Footnotes to History

by Fred Ray on March 22, 2009 · 0 comments


I’ve subscribed to, which I’ve found to be a great resource even though it’s not cheap (tip: keep checking for sale rate). There is a wealth of Civil War primary documentation there, with more being added daily, including most of the Confederate service records. Accessing these online sure beats having to travel to Washington or Atlanta and scroll through rolls of microfilm. There are also newspapers and numerous other primary source materials, much of it indexed. It’s far from perfect—the search engine is quirky and hard to master and the server is sometimes very slow, but even so it’s the best deal yet for accessing records. is a private company that has partnered with the National Archives, and the eventual goal is to have everything there available on the web.

They are featuring an interesting page on women in the Civil War, including a spy in Jeff Davis’s household and women soldiers like Albert Cashier/Jennie Rogers (above), who is also thought to be the first woman to vote (as a man, of course.)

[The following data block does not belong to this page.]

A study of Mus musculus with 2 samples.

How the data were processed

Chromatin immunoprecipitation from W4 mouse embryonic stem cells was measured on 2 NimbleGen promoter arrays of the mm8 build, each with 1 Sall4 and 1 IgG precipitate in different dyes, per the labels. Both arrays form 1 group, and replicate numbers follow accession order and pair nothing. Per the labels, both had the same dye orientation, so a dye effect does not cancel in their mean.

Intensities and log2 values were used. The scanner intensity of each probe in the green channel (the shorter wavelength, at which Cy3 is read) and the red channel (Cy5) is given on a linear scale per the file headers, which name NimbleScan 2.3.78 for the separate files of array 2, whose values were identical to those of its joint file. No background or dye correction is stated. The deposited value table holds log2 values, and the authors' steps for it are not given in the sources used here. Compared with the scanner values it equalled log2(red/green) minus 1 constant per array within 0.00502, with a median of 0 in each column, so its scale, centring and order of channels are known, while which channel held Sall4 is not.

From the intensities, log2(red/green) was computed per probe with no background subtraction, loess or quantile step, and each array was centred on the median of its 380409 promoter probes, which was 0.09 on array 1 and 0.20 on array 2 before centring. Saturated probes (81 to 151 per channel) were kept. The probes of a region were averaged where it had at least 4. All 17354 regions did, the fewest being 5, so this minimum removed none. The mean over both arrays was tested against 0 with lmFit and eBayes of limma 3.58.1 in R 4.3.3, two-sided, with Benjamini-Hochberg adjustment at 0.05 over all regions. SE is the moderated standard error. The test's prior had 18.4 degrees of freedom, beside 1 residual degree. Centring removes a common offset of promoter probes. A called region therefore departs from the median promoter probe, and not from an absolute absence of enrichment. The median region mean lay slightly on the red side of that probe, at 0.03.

UPDATE: Meant to post this bio. Female Soldier in Disguise!

Jennie Irene Hodgers- Found in the Civil War Pension Index

Jennie Irene Hodgers wanted to serve the Union during the Civil War. Instead of caring for the injured or making clothes, Jennie disguised herself as Albert Cashier and enrolled in the Union Army. She fought in over 40 battles and skirmishes; her true identity was never discovered by her male comrades. After the war, she continued to live in disguise until she broke her leg later in life and her gender discovered. Jennie is credited as being the first woman to vote, as she voted in disguise as a man. She was also honored for her service at the Battle of Vicksburg.